CALGARY, Alberta, Oct 18 (Reuters) – Alberta held a referendum on Monday asking whether Canada should remove a commitment to redistribute wealth among provinces from its constitution, but the vote envisioned by Premier Jason Kenney as a tool to gain leverage with Ottawa could backfire against the deeply unpopular leader.
The nonbinding referendum on equalization payments fulfills Kenney’s 2019 election promise to stand up for Canada’s main oil-producing province. But it comes as Alberta relies on help from other jurisdictions to tackle a deadly fourth wave of COVID-19 and Kenney faces calls to resign for his handling of the pandemic.
The vote taps into a refrain among core supporters of Kenney’s United Conservative Party (UCP) – that Alberta, whose oil sands make Canada the world’s fourth-largest crude producer, is unfairly treated by other provinces despite helping power the Canadian economy.
Equalization payments are enshrined in the Canadian constitution as a way of addressing fiscal disparities among the 10 provinces. They are a long-standing grievance in Alberta, and opposition has grown in recent years as volatile oil prices rocked the provincial economy.
Critics say it is unfair that Alberta contributes billions to dollars to equalization every year, while some provincial governments benefiting from the system oppose the development of crude export pipelines that boost Alberta government revenues.
A poll last week from the University of Alberta showed 43% of Albertans support removing equalization from the constitution. But the same poll showed the “no” camp gaining ground and some political scientists warn Kenney’s unpopularity means the referendum may become a proxy vote on his leadership.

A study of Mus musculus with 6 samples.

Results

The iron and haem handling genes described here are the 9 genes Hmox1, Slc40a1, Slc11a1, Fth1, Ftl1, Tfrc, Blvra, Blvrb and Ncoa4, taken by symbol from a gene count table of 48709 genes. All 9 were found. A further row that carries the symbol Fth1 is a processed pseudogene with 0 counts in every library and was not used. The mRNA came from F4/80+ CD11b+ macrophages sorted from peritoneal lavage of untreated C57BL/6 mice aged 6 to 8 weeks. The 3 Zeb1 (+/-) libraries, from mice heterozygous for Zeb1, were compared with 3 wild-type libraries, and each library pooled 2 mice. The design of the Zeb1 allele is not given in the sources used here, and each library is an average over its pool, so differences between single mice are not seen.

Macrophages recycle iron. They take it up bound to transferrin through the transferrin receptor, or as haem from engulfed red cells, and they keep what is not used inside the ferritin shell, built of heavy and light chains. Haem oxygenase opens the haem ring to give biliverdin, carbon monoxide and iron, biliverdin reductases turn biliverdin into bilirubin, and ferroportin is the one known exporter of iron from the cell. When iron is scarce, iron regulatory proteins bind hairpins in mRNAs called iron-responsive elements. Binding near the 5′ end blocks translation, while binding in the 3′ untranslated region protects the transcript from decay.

“This referendum is now putting Kenney’s leadership on the line. He has a lot to lose,” said Jared Wesley, political science professor at the University of Alberta.
Kenney faces a leadership review in the spring, which was brought forward from next autumn to stave off revolt within the UCP caucus. Many Albertans are furious with Kenney for failing to bring in stronger public health measures over the summer when COVID-19 cases first started to rise in the western Canadian province.
In a social media post on Sunday, Kenney said a resounding “yes” to ditching equalization would give him a strong mandate to negotiate on behalf of Alberta, although the vote alone will not halt equalization because it is embedded in the constitution.
“The referendum is a chance for Alberta to say ‘yes’ to our request for a fair deal,” Kenney said.
The referendum question is attached to municipal elections taking place across Alberta, and the results will be announced on Oct. 26.
‘BACK WAY INTO NEGOTIATIONS’
Equalization, which started as a federal program in the late 1950s, transfers federal tax dollars collected from “donor” provinces to those whose ability to raise revenues falls below the national average.
Alberta was an equalization recipient in the mid-1960s, but has since been a donor and currently contributes about C$11 billion-C$12 billion a year. Four other provinces are currently donors, but among them, only Saskatchewan, another resource-rich, conservative-leaning western province, has publicly considered a referendum on the issue.
The referendum is a key part of Kenney’s “Fight Back” strategy, in which he promised voters he would stand up for Alberta’s oil and gas industry, the cornerstone of the provincial economy.
“He is using the constitution as a back way into negotiations over oil and gas legislation that Alberta is not happy with,” said Duane Bratt, a political science professor at Mount Royal University in Calgary.
While the “yes” camp is expected to win Monday’s vote, what happens next will depend on how other premiers across Canada and the federal government negotiate with Alberta.
One risk to Kenney is that he could win the referendum but still fail to win concessions from the rest of Canada, which may reinvigorate calls among some right-wing Albertans for the province to leave the federation, Bratt said.
Part of the reason Kenney first promised the referendum was to appease the separatist movement on the conservative right that could leach support from the UCP.
“This is all about generating anger in Alberta and I don’t think he has fully thought about all the consequences of doing that,” Bratt added.